They're cuddly like soft toys. And they're probably the gentlest creatures on Earth. Until they move their furry heads, it's hard to tell that they're for real. Endearing, delightful, and adorable - that's how I would describe Koala bears.
On a work visit to Australia last year, I got on a bus one Saturday morning and headed to the Ballarat Wildlife Park, which is about an hours' drive from Melbourne city. When our group of about fifteen reached the park, we were greeted by a bunch of gluttonous but adorable Kangaroos who wanted to be fed treats every step of the way. The tour guide first took us to an enclosure where Charles, the Koala bear, would be brought to meet us. Everyone waited with bated breath. When Charles finally arrived, he lit up the room in an instant. There were smiles all around, everyone was beaming. Any creature that can make so many people smile in a split second has GOT to be special!
Because Koalas are such sensitive creatures, their keepers hold them in their arms along with a branch from a eucalyptus tree - the leaves comfort the Koala and make it feel closer home. Koalas get stressed very easily, which is why it's so important for them to live in their own habitat away from human activity. Sadly, their habitat is steadily shrinking and they're finding it very hard to keep up with our world.
Charles clung on to his keeper Mike's shoulders with his front paws, like a little baby, his head mostly turned sideways. Every few seconds, he would nibble on the eucalyptus leaves... chew on them for like three seconds... and then stop chewing and stare into space. And then again... nibble nibble... chew chew... stare into space.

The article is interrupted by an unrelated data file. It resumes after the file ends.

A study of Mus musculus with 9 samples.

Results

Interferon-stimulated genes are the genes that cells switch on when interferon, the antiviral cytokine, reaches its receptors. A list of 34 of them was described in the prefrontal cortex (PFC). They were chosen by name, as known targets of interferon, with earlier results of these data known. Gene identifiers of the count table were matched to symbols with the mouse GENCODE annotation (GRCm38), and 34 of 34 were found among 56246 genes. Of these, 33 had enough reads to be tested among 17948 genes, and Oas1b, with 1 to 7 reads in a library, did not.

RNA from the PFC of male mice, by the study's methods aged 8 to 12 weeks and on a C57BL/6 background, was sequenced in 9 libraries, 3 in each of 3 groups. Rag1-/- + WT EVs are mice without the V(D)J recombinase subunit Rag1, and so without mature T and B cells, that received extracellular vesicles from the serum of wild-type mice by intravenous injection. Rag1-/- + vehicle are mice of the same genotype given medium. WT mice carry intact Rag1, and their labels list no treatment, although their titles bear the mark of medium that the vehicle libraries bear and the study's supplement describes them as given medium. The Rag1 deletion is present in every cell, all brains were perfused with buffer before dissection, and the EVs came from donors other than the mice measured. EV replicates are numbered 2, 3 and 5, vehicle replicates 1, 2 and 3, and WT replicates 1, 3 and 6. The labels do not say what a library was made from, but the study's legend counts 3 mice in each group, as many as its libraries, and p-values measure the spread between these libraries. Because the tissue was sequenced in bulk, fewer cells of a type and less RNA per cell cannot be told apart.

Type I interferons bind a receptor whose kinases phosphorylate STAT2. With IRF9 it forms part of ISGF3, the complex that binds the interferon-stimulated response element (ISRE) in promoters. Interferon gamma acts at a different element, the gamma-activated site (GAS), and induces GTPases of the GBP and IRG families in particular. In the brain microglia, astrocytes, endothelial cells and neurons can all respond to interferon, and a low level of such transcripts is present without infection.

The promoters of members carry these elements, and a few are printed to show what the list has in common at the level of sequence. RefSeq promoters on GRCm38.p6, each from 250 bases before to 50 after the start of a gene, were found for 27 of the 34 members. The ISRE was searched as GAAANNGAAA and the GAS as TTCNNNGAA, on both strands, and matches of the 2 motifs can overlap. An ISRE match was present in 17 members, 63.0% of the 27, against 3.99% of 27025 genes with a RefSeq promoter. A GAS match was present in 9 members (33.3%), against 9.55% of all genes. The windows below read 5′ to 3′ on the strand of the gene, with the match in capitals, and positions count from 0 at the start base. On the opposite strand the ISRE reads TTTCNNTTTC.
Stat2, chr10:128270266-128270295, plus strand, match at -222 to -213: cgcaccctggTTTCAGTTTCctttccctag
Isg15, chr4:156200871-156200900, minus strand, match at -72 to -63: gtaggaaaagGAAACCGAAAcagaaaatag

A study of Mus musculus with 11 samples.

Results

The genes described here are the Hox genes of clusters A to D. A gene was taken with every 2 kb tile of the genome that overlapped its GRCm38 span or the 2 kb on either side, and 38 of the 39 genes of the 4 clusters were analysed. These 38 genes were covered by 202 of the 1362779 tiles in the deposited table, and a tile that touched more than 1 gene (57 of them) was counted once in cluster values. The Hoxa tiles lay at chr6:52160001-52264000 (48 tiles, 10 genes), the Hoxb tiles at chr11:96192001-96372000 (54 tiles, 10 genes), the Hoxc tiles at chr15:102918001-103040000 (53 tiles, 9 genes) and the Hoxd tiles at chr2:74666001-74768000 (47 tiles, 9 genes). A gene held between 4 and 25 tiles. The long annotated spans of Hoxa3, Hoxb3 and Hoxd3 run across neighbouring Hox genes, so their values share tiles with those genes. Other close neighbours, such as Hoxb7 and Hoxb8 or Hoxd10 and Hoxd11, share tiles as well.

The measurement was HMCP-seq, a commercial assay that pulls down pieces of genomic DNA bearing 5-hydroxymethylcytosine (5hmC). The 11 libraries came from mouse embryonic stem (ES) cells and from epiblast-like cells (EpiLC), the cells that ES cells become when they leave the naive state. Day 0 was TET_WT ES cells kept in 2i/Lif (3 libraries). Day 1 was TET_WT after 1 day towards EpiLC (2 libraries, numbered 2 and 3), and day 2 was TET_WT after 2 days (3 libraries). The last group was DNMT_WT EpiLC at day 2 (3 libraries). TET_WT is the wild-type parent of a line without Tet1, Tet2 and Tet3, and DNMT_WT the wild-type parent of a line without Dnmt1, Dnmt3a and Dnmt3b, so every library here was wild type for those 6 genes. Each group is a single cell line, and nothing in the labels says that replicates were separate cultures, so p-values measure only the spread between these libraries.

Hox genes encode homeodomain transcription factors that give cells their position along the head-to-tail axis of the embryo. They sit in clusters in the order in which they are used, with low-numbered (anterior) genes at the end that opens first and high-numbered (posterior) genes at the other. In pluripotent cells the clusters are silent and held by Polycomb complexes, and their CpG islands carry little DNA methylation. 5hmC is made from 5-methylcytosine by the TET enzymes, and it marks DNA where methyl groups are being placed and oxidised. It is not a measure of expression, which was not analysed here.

Charles' movements were so gentle. There was nothing harsh about him. No wonder our hearts melted the instant we saw him. I believe that creatures as gentle as Koalas, and even Dolphins, are giving our planet a lot of "love" energy. They open our hearts instantly - it's hard for a person not to feel a wave of compassion wash over them when they see a Koala.
Mike gave a short speech about Koala "bears", and how there's really no "bear" in them, so goodness knows why they came to be called bears! An interesting thing about them is that their heads are very sensitive, and we were advised to touch Charles only on his back, and not at the top of his head.
By the time Mike was two sentences into his speech, everyone in the group was vying for a picture with Charles. Cameras were being handed across the room. One by one, each of us "posed" along with Charles, standing as close to him as was possible without him getting anxious. For a split second, each beaming visitor being photographed with Charles prayed to goodness that Charles wouldn't turn his head the other way until the picture was clicked. I wasn't so lucky the first time - Charles looked away for my first picture, and then the second or third time he was kind enough to look towards the camera. (Swapna had told me not to return to India without a picture of me with a Koala, so I pleaded with Charles and he graciously relented!)
I came out of there rejuvenated like never before. Charles had worked his magic on me. As a matter of fact, everyone in the group looked drunk on happiness. Each of us had come from a different part of the world - from Russia, Australia, India, the US, the UK, and South Korea - but that afternoon, all our smiles looked just the same.